About Our Council
We’re Girl Scouts Heart of the Hudson. We have the pleasure to serve approximately 25,100 girls and 10,500 adult members.
We're 2.5 million strong—1.7 million girls and 750,000 adults who believe in the power of every G.I.R.L. (Go-getter, Innovator, Risk-taker, Leader)™ to change the world.
We have girls reaching their fullest potential throughout Dutchess, Orange, Putnam, Rockland, Sullivan, Ulster, and Westchester counties. Here, they’re a part of a community of girls and women looking to experience new challenges, make friends, serve the community, and discover new skills and interests. Our girls are exploring what’s important to them, creating adventures, and taking action to make the world a better place! Girl Scouts Heart of the Hudson offers every girl a chance to practice a lifetime of leadership, adventure, and success.
History of Girl Scouts in the lower Hudson Valley :
- Juliette Gordon Low was a frequent visitor to our council where her goddaughter Anne Hyde Choate lived. Mrs. Choate started the second Girl Scout troop in 1915 and the 1st Girl Scout Council in the Hudson Valley in 1916. Mrs. Choate went on to become National President of Girl Scouts USA in 1920, succeeding Ms. Low herself.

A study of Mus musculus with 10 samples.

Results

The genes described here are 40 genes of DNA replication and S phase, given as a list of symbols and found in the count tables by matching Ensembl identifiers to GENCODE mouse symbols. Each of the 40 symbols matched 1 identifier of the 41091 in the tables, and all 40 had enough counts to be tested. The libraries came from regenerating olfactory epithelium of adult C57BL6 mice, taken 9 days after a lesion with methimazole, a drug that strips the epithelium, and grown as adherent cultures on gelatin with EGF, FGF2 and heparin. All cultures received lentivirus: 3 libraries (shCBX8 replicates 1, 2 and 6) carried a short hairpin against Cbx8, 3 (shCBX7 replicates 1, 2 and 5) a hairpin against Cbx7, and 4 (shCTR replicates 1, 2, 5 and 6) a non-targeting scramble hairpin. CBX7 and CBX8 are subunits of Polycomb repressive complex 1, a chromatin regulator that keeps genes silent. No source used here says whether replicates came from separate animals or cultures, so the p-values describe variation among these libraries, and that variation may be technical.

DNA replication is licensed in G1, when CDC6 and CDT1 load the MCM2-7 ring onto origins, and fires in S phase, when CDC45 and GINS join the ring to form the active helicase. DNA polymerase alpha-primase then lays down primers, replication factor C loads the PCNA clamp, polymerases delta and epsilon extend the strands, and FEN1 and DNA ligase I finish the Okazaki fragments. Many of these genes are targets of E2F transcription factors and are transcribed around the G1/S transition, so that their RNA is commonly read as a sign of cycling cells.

- Our seven counties have a long history of strong, independent heroines. Two of note are Sarah Wells and Sybil Ludington. Sarah was the first female settler in Orange County’s Wawayanda Patent and built her own log cabin at the age of 18 after arriving in 1712. Sybil was a Revolutionary War heroine who rode through the night on April 26, 1777, to alert American colonial forces of the British approach. Our camp in Dutchess County is named in her honor.
- Edith Carpenter Macy, chair of the Girl Scout National Board of Directors from 1919 – 1925, and Jane Deeter Rippin of Tarrytown, GSUSA’s National Director from 1919 – 1930, were also crucial supporters of the Girl Scout movement in its early years.
- After WWI, a feature film about Girl Scouting entitled “The Golden Eaglet” was shown in theaters across the country. It was the first PR film ever produced for a non-profit agency, and it was filmed right here in Orange County, NY, at what was then referred to as “Camp Calemaco”. The film featured Caroline Lewis, who was once the Director of Rock Hill Camp, in Mahopac, NY.